Why sport is vital for children

We waved goodbye to our local roller hockey team the Midland Mooseheads today as they flew out to Barcelona for the Sparta Cup 2018.

The team is made up of 15 to 17-year-olds, most of who have been involved in sports teams since childhood. Their involvement in sport has led them to achieve great things at young ages.

Part of the team has accomplished phenomenal feats. Some Moosehead players have recently travelled to China for last year’s FIRS World Roller Games, Nanjing. Three players have been accepted into the GB senior squad three years early and with all but their youngest player, the team are playing and competing well in BIPHA and GBHI senior leagues. This generation of British players are ahead of the learning curve. With 16-year-olds not just playing in senior leagues but out-performing players much older than them, many of whom have competed internationally.

Manager Mike Winters, and Coaches Neil Jepson and Geoff Baker instil in the Moosehead U16s that attitude and teamwork are the drivers for success whilst also teaching them leadership and life skills.

Geoff said: “They are great players but what separates them from other players and other teams is their attitude both on and off the rink and that is what makes them so special.”

Playing sport and being part of a team, as the Mooseheads have proven, teaches young people skills that can be applied to their lives socially and professionally.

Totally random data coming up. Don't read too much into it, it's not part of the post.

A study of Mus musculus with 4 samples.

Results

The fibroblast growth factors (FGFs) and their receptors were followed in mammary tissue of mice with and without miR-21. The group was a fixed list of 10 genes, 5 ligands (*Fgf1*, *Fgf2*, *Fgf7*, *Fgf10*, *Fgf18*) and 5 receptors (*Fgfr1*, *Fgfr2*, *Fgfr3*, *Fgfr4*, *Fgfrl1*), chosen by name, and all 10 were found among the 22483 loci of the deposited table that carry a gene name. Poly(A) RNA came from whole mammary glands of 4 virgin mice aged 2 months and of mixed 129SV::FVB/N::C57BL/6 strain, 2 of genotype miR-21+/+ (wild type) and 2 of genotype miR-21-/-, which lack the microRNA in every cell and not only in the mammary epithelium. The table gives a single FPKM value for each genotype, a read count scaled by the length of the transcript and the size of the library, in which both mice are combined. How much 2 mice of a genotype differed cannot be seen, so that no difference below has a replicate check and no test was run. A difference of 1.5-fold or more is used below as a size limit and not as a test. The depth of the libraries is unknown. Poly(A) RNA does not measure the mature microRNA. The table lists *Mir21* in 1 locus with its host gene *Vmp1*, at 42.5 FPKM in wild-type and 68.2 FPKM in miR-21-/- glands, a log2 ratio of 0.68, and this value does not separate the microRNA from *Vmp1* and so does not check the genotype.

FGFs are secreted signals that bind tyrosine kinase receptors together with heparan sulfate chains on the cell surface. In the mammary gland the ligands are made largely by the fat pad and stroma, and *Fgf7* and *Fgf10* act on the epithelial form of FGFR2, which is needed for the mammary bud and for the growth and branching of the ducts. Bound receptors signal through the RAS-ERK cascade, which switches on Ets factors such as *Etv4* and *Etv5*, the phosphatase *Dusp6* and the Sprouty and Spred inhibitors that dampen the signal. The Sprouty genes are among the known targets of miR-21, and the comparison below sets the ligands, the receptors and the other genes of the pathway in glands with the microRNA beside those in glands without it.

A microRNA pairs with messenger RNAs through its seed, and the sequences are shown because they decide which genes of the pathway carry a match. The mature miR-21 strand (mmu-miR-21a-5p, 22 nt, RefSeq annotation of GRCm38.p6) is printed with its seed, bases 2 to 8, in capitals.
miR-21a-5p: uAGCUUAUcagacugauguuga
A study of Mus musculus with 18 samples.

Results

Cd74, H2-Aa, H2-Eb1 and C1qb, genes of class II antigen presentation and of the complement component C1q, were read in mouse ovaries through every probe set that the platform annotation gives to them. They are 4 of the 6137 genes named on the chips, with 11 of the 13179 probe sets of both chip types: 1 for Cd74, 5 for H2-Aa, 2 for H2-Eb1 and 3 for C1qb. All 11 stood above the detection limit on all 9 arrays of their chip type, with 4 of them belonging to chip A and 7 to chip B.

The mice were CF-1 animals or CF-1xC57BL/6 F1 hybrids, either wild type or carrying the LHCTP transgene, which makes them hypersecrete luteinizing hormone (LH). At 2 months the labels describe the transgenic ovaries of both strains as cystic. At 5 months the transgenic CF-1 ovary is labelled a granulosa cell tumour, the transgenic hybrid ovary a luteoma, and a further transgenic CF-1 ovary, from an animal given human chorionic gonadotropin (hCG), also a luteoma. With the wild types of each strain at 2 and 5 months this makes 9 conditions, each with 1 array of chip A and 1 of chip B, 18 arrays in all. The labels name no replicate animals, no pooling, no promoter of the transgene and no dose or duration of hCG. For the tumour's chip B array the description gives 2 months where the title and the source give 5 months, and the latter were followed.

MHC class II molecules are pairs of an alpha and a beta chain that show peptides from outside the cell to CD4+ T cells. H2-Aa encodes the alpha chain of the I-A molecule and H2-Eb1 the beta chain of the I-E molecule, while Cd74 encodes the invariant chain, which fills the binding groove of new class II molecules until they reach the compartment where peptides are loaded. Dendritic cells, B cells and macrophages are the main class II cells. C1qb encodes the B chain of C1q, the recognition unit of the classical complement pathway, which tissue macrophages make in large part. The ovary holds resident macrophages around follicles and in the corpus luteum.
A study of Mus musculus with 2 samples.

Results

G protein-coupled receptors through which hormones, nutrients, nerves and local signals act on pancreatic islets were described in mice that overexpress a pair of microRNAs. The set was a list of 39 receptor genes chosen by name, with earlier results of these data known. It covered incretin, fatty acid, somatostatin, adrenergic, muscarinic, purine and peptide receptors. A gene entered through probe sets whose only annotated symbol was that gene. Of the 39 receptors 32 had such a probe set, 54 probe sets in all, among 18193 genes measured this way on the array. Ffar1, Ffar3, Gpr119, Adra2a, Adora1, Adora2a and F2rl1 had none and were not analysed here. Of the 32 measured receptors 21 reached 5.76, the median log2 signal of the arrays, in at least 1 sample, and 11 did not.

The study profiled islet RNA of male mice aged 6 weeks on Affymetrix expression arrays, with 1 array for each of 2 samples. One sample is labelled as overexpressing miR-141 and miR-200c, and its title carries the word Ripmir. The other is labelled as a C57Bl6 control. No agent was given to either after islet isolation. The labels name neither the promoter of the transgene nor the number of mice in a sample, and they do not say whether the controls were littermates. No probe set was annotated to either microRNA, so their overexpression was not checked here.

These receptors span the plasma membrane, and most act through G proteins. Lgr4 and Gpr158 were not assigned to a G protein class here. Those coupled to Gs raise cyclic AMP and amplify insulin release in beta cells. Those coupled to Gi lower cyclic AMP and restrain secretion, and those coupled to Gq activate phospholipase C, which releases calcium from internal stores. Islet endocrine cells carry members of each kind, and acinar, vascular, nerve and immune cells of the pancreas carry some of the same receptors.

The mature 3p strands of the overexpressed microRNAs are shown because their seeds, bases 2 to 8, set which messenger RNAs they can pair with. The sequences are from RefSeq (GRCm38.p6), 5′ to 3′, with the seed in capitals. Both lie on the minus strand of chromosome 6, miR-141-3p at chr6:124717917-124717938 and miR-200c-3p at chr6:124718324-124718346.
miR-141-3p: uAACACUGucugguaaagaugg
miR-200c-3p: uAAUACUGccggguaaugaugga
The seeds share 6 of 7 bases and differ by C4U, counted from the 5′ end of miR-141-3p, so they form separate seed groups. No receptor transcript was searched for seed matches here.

Here are three reasons why you should be getting your child involved in a sport.


Every aspect of life requires some form or dedication and commitment. Any subject requires a level of it if there is to be success. If you want to grow a beautiful garden with an abundance of flowers and plant life for example, you must be dedicated to the outcome and commit to maintaining it. It’s the same principle with being part of a sports team, excelling in school, getting into university, running your own business, taking care of a family, and so on. It teaches you that to flourish in anything; you have to put the work in. That might mean getting up early, training four times a week, travelling around the country, or something else that requires effort, time and energy. In sport, your children commit to paying attention to coaches, supporting team mates, improving skills, and expressing appreciation to those who made their experience possible. Strength of character

Children in sports are given opportunities to overcome challenges. This is an important learning curve for young people. The ability to adapt to changing circumstances and overcome barriers and stumbling blocks is a key skill that will help them in their future. Being in a team exposes them to adversity whether this is in the form of increasing their people skills by being surrounded by many different types of people, or facing extreme weathers, they will develop the ability to endure hardship. They will also experience frustration, doubt, exhaustion and injury; all pushing them out of their comfort zones and in turn, developing their confidence, sharpening their focus, and boosting their motivation in the certainty that they will face such challenges in adulthood.

A hobby

Having a sporting hobby allows your child to spend time with people they have something in common with and make meaningful relationships. It also gives them the chance to be able to talk to people from all walks of life as they have an interesting topic to discuss, which also looks great on a CV for prospective employers. It will be keeping them off the streets and avoiding any bad crowds, not to mention keeping them off their phone and social media for solid periods of time. Instead, they’ll be gaining fantastic physical, psychological, and social benefits.